Tags: McAlvany | stocks | dangerous | stimulus

David McAlvany to Moneynews: Stocks ‘Very Dangerous’ for Investors

By Forrest Jones and John Bachman   |   Sunday, 30 Sep 2012 02:24 PM

Stock prices have risen in recent years due to Federal Reserve stimulus measures rather than improving corporate and economic fundamentals, and investors who are betting on further gains are playing a “dangerous” game, said David McAlvany, CEO of the McAlvany Financial Group.

The Fed recently announced it will buy $40 billion a month of mortgage-backed securities from banks to pump liquidity into the financial system in a way that pushes down interest rates across the broader economy to spur recovery, a monetary policy tool known as quantitative easing (QE).

Side effects to such a policy tool — branded by many as printing money out of thin air — include a weaker dollar, rising stock and commodity prices and mounting inflationary pressures.


Corporate earnings have been solid, though cost-cutting measures can keep financial statements looking healthy for only so long.

“I think what we are up against is a stock market that does not reflect economic fundamentals. This disconnect is very dangerous for investors,” McAlvany told Newsmax.TV in an exclusive interview.


Meanwhile economic indicators point to a softening recovery.

Unemployment rates remain high, at 8.1 percent, while the Commerce Department revised its second-quarter gross domestic product growth rate to 1.3 percent from 1.7 percent.

The economy grew at a lackluster 2 percent rate in the first quarter.

The Dow Jones Industrial Average, however, has risen because of the stimulus tools, ending Friday at 13437.13.

“The business machine, if you will, has slowed considerably and that has not reflected in a 13,000-plus Dow,” McAlvany said.

“What 13,500-13,600 does reflect is massive speculation by a community that is hooked on cheap and easy credit and is reliant on Fed interventionism in the market.”

In the meantime, expect commodities prices to rise.

QE weakens paper currencies via injecting liquidity into the economy, making hard assets like gold and oil more attractive.

Food prices tend to rise as well, especially at a time when supplies are strained due to weather conditions such as the U.S. drought.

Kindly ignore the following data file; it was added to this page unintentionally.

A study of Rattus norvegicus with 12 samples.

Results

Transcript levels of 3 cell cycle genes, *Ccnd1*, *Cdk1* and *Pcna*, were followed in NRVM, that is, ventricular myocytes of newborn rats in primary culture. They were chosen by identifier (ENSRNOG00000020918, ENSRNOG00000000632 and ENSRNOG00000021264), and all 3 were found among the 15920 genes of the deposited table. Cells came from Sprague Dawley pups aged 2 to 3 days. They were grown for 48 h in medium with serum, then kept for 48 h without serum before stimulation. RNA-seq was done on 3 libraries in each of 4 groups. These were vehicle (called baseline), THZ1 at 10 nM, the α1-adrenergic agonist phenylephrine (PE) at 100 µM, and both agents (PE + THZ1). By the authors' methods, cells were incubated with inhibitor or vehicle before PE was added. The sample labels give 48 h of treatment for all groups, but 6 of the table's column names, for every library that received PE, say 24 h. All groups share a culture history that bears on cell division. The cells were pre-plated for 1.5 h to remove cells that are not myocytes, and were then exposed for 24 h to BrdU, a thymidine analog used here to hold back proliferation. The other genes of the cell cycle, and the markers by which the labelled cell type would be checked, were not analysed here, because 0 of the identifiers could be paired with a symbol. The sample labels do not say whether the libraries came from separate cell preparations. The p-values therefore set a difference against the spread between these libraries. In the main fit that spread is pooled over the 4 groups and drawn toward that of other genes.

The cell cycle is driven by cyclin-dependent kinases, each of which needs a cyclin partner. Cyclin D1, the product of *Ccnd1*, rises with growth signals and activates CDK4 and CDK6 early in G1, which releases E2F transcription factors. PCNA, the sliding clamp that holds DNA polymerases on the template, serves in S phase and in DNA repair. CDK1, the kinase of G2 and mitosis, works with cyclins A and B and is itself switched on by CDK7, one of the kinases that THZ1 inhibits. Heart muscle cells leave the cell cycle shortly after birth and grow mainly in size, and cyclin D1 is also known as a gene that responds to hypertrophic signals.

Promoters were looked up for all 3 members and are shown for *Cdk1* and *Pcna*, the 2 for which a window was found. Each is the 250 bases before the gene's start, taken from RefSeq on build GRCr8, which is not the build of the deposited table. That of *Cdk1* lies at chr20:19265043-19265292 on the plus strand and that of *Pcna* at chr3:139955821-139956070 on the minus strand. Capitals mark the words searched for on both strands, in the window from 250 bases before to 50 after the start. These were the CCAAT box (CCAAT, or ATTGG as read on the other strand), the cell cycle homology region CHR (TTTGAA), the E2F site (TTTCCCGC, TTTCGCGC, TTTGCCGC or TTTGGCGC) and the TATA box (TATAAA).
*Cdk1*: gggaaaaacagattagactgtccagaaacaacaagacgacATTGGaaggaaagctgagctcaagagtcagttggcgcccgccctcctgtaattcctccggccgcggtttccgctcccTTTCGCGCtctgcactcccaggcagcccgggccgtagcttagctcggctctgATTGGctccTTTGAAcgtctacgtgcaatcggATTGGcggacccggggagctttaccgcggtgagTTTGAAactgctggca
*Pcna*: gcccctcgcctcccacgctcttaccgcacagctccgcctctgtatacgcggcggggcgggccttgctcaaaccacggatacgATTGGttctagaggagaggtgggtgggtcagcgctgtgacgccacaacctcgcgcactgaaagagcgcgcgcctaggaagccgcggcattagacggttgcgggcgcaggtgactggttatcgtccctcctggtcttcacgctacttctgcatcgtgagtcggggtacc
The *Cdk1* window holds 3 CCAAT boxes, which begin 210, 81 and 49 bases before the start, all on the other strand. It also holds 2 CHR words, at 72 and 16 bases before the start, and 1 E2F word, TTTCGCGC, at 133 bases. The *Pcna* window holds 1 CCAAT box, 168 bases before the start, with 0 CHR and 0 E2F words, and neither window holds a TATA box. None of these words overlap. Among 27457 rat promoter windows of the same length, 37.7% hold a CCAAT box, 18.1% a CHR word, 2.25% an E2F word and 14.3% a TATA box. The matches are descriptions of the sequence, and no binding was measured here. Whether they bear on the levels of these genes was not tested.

Other central banks have taken steps to loosen policy in recent years, including the Bank of England, the Bank of Japan, the European Central Bank and the People’s Bank of China.

While not all central banks have printed money out of thin air in the style of the Fed, none have tightened policy to a degree, meaning the global economy remains awash in liquidity with food prices ripe for further price increases.

“We saw food riots in 2008 when commodities were on the rise for other reasons and we saw food riots last year — the Arab Spring all across North Africa. These are very disturbing to us and to geopolitical thinkers,” McAlvany said.

Rising prices for rice particularly could lead to new food riots in some parts of the world, which would spell trouble for the global economy. This might explain why some central banks are favoring modest stimulus measures when compared with the Fed.

The European Central Bank, for example, unveiled a program to buy sovereign debt in troubled eurozone countries, though not with freshly printed money, meaning inflationary pressures won’t mount.

The People’s Bank of China has said it won’t rule out cutting interest rates and bank reserve requirements, but has yet to act as of late.

“They’re not pushing on this same sort of gas pedal now because they realize that with rice already having gone up 15 percent year-to-date, if they were to see another sort of round of inflation for foodstuffs — another 10 to 15 percent for rice — you’re dealing with riots, you’re dealing with political destabilization,” McAlvany said.

“That’s how sensitive the developing world is to food inflation, and this kind of operation in the marketplace is inherently inflationary.”